Colorado Springs Youth Symphony performs for the Colorado School for the Deaf and Blind

COLORADO SPRINGS, Colo. — It’s not Carnegie Hall but it’s a performance of a lifetime just the same.

On Friday afternoon the Colorado Springs Youth Symphony put on a special show for the Colorado School for the Deaf and Blind.

It’s a day the students look forward to every year, on both sides.

“Music is important because it incorporates all of the subjects. It’s math, it’s reading, its our history,” said Julie Novak, Music Specialist at the Colorado School for the Deaf and the Blind. “I believe that music is critical in schools, music is what make a whole child.”

It’s hard to argue when you see it in action.

But how do you present music to the deaf and blind? Simple. Tap into one of the other senses – touch.

“I pass out balloons that kind of serve as a vibrational tool so the students get feedback vibrationally with the music,” said Novak.

Students also get to feel the instruments while they are being played.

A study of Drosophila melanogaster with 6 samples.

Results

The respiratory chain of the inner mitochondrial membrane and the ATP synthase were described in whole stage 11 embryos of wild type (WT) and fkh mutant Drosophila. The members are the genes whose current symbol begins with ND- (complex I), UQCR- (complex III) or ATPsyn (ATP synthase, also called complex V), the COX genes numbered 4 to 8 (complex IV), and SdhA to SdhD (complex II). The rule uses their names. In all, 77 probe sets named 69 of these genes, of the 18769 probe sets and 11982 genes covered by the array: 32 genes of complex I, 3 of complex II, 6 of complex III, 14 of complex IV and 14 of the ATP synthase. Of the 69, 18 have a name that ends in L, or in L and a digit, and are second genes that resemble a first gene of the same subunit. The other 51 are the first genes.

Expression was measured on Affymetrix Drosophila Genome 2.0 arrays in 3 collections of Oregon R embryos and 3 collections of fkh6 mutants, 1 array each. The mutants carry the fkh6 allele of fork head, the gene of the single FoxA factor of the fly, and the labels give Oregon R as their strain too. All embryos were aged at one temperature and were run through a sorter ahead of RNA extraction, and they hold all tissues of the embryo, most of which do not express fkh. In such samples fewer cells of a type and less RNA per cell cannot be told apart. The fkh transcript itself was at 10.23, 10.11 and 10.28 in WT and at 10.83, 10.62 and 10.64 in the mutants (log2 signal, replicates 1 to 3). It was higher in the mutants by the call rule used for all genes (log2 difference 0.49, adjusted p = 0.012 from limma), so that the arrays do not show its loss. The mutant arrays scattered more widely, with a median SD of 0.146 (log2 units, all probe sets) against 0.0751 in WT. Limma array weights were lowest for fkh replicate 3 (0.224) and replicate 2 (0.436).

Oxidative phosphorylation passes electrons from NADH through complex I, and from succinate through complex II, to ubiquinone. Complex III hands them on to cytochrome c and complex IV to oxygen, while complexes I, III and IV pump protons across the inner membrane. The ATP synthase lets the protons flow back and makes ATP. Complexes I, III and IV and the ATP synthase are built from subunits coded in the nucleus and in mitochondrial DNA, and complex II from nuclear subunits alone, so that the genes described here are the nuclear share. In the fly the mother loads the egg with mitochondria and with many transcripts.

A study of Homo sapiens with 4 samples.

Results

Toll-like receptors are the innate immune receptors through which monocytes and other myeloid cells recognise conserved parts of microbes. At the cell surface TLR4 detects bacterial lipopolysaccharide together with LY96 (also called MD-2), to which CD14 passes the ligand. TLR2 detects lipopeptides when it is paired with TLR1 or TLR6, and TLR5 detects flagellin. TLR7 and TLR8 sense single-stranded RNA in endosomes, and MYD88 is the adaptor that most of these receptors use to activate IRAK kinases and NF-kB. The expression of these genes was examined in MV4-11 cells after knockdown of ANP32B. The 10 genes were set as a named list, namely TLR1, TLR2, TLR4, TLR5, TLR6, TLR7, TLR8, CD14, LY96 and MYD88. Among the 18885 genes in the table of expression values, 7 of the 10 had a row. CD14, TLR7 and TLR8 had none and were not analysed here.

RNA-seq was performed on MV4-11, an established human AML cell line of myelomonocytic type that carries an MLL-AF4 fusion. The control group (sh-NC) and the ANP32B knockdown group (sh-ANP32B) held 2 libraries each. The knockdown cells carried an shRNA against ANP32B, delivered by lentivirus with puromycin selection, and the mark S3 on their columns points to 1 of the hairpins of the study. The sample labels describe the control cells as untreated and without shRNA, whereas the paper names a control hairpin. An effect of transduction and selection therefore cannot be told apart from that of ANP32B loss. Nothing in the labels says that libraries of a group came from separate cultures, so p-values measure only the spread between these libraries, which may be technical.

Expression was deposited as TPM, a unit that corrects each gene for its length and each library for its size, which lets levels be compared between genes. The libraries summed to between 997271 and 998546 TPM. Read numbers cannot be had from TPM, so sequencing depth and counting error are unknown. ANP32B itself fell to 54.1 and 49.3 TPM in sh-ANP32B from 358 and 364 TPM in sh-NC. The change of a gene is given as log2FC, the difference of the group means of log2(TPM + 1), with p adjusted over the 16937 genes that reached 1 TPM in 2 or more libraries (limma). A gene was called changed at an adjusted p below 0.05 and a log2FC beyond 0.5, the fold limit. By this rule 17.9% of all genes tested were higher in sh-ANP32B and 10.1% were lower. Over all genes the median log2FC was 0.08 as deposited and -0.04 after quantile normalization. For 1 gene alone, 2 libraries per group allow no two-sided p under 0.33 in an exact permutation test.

“It’s very moving to watch the interaction between the students here at the Deaf and Blind School and our musicians, because it’s really impacting our kids to share their music in this very unusual way,” said Gary Nicholason, the Conductor of the Colorado Springs Youth Symphony. “It really demonstrates the power of music to communicate and build bridges between people.”

“Her face lit up when she could feel the low notes and the difference of the high notes. It was just really cool to see them experience that in a different way,” said Alison Garscadden, a cello player for the Youth Symphony.

Some of the students were also given a chance to try out conducting.

“I was following the violin and I was trying to match what they were doing and conducted just fine, I loved it. I absolutely loved it!” said Santiago Paiva, a 7th grade student at the Deaf and Blind School.

“It’s so fun to watch them get up there because they are surrounded by the sound in a way they normally don’t get to experience,” said Nicholason.

“When I could feel even that big drum, I could feel that, I put my hands on the side of it and it felt like I was in the band. You could feel everything,” said Paiva. “I would say the songs are just A+.”